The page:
Most businesses choose some form of incorporation whether it’s a LLC or a C-corporation. Each has individual advantages from legal and tax perspectives. What you may not know about is the untapped benefit of any form of incorporation. This benefit will help both you and your employees
- weather the ups and downs and sideways emotionally,
- manage finances, and
- embrace the unknown.
What is this benefit? It’s buried in the legal definition–that corporations are considered persons. Why is this benefit virtually unknown? It’s because we all face the very human challenge of having the capacity to separate ourselves from businesses. It’s a very human, universal challenge whether you are CEO/Founder or “financial para-planner” or “production manager” or Director of Sales or even COO. It’s too easy to think you are your job or your company. But, realizing your firm is a “person” may help in this process.
Suppose we internalize the reality that our companies are “persons” separate from ourselves. Let’s examine the three areas where you’ll experience transformation:
Weathering the cyclical nature of business “success”
It’s quite natural to ride the ups as the downs in business. Acquiring new clients, launching new products and making new acquisitions are exciting times for a business. They put a bounce in our step and help us look forward to each Monday. On the other hand, employee “challenges” or unexpected departures, delayed or underfunded projects, or changes in the market or regulatory environment can put knots in our stomachs.
What if, on the other hand, the success or challenge resides with “You, Inc., LLC” and not Mr. Business Owner? Now there’s a potential to separate your sense of well-being from either the ups or downs…and to leave it with the business.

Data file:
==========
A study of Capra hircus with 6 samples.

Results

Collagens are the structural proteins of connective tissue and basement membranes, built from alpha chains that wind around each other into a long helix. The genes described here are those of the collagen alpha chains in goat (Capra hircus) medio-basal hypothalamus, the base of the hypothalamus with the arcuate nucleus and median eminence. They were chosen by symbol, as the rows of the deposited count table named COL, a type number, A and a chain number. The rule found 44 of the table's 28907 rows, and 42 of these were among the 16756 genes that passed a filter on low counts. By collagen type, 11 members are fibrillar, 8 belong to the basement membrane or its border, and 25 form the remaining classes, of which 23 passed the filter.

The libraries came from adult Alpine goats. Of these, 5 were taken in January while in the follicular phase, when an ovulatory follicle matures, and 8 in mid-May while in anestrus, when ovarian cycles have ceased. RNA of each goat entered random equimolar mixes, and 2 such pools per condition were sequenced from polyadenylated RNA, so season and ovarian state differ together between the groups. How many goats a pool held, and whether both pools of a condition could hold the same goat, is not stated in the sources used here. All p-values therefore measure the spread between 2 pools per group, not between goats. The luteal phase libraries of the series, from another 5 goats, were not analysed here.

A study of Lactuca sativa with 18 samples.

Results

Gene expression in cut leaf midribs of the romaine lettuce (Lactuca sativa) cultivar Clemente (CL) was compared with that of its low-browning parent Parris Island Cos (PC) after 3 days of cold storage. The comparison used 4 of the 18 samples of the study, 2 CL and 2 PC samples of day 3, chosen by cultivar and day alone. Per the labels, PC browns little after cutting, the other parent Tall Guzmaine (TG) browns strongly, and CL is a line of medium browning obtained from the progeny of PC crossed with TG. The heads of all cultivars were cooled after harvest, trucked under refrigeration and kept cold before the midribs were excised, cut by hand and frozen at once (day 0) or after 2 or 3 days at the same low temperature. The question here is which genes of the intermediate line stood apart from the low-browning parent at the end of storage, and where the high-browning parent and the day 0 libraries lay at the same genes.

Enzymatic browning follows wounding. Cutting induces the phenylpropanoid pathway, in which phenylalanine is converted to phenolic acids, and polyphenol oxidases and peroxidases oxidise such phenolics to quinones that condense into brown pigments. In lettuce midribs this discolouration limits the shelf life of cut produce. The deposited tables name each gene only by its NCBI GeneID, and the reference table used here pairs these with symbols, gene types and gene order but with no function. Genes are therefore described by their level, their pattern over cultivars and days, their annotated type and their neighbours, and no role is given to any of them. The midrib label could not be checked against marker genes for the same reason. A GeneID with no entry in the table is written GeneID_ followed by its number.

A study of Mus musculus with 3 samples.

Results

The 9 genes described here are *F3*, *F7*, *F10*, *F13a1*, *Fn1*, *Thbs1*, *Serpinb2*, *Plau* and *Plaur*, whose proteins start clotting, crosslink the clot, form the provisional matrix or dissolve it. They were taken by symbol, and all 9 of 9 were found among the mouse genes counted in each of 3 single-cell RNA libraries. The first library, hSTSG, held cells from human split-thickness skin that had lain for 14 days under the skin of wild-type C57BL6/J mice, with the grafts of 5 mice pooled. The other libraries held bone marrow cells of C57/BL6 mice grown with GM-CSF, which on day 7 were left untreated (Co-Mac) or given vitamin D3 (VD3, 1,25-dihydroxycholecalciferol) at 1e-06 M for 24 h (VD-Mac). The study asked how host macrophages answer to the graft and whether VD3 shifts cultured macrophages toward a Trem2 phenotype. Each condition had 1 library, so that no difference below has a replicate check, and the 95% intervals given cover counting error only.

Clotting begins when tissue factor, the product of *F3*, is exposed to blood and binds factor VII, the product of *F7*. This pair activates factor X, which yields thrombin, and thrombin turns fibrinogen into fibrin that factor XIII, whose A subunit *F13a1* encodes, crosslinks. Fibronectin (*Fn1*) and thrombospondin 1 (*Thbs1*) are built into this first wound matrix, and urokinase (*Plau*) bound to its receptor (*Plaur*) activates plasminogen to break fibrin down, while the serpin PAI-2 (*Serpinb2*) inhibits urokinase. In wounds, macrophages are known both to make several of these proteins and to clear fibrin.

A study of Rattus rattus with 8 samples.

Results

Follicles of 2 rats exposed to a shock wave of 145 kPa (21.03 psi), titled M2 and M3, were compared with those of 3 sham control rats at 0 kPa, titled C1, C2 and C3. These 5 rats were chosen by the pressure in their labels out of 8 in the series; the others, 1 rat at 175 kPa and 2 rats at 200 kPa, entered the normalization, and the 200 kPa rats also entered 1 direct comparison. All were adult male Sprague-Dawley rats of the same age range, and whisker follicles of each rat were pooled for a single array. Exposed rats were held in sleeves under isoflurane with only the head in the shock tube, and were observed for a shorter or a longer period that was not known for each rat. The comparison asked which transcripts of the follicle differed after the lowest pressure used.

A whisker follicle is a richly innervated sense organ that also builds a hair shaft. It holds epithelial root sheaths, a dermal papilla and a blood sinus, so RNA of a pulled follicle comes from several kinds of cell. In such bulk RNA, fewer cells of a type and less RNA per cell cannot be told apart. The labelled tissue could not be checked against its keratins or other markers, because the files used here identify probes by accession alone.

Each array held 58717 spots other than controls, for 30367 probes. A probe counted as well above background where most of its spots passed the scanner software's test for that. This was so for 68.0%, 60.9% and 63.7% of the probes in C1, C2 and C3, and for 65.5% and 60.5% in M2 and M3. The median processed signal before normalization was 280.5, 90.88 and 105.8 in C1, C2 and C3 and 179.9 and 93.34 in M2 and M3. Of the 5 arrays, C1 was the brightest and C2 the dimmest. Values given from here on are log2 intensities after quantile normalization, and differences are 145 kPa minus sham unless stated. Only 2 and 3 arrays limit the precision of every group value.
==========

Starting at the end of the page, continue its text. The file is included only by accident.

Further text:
Taking care of your Key Employees
Utilization of time and money are two areas where owners most often make “excuses.” While it is true that the buck stops with the owner, many owners either take too much or too little time off or pay themselves too little or too much.
As the business owner, it is a fact that you are a, if not the key employee. Remembering that you run You, Inc., LLC, consider how you would treat someone else who’s a key employee:
- Would you dock their pay if cash flow is tight? Or, if times are flush would you let her take whatever she wants out of the business? Consider the impact on You, Inc., LLC. If Key Employee #1 is being underpaid: what’s her attitude toward the business? Resentment is sure to fester. If Key Employee is starving You, Inc., LLC of working capital, wouldn’t you fire her for fraud? As the owner and fiduciary of You, Inc., you’re responsible for defining and respecting that boundary between you and your corporation.
- Similarly, how long can Key Employee work 70 hour weeks? That’s unsustainable. Or, if Key Employee is needed 40 hours but works only 20, how does this impact the health of You, Inc., LLC? You’re not getting the most from that key employee and you need to have a loving but firm talk with him!
Challenge the known and embrace the unknown.*
It’s human nature to do the opposite—to embrace the known and fear the unknown. I remember many life changes—some chosen, some imposed on me—that I resisted. Hindsight is 20-20: in every case I wish I had embraced the unknown and made or accepted those changes sooner.
In the past, a few of my unknowns included
- attempting a PhD in economics (but stopping with a M.A.).
- jumping from a “nice” non-profit to large “cutthroat” corporations (“interesting” 10-year, multiple career stint).
- being pushed from large corporations into the unknown (twice in 3 years).
- starting a business (great 5 years and counting).
- investing in my business for the future (two examples: developing a website, hiring part-time staff).
What’s your short list of unknowns you need to embrace?
Here are a few you might include:
- Preparing your business (and yourself) for a future sale
- Hiring your next employee
- Facing the truth about what’s needs fixing in your business.
How might treating You, Inc. as a person transform some aspect of your current firm?
Consider these questions to help you build a better relationship with your firm:
- Should you spend more or less time on your business? Set a concrete goal for yourself.
- Does your current corporate structure lend itself to your current plan for You, Inc.? What do you need to do to respect the boundaries of your firm?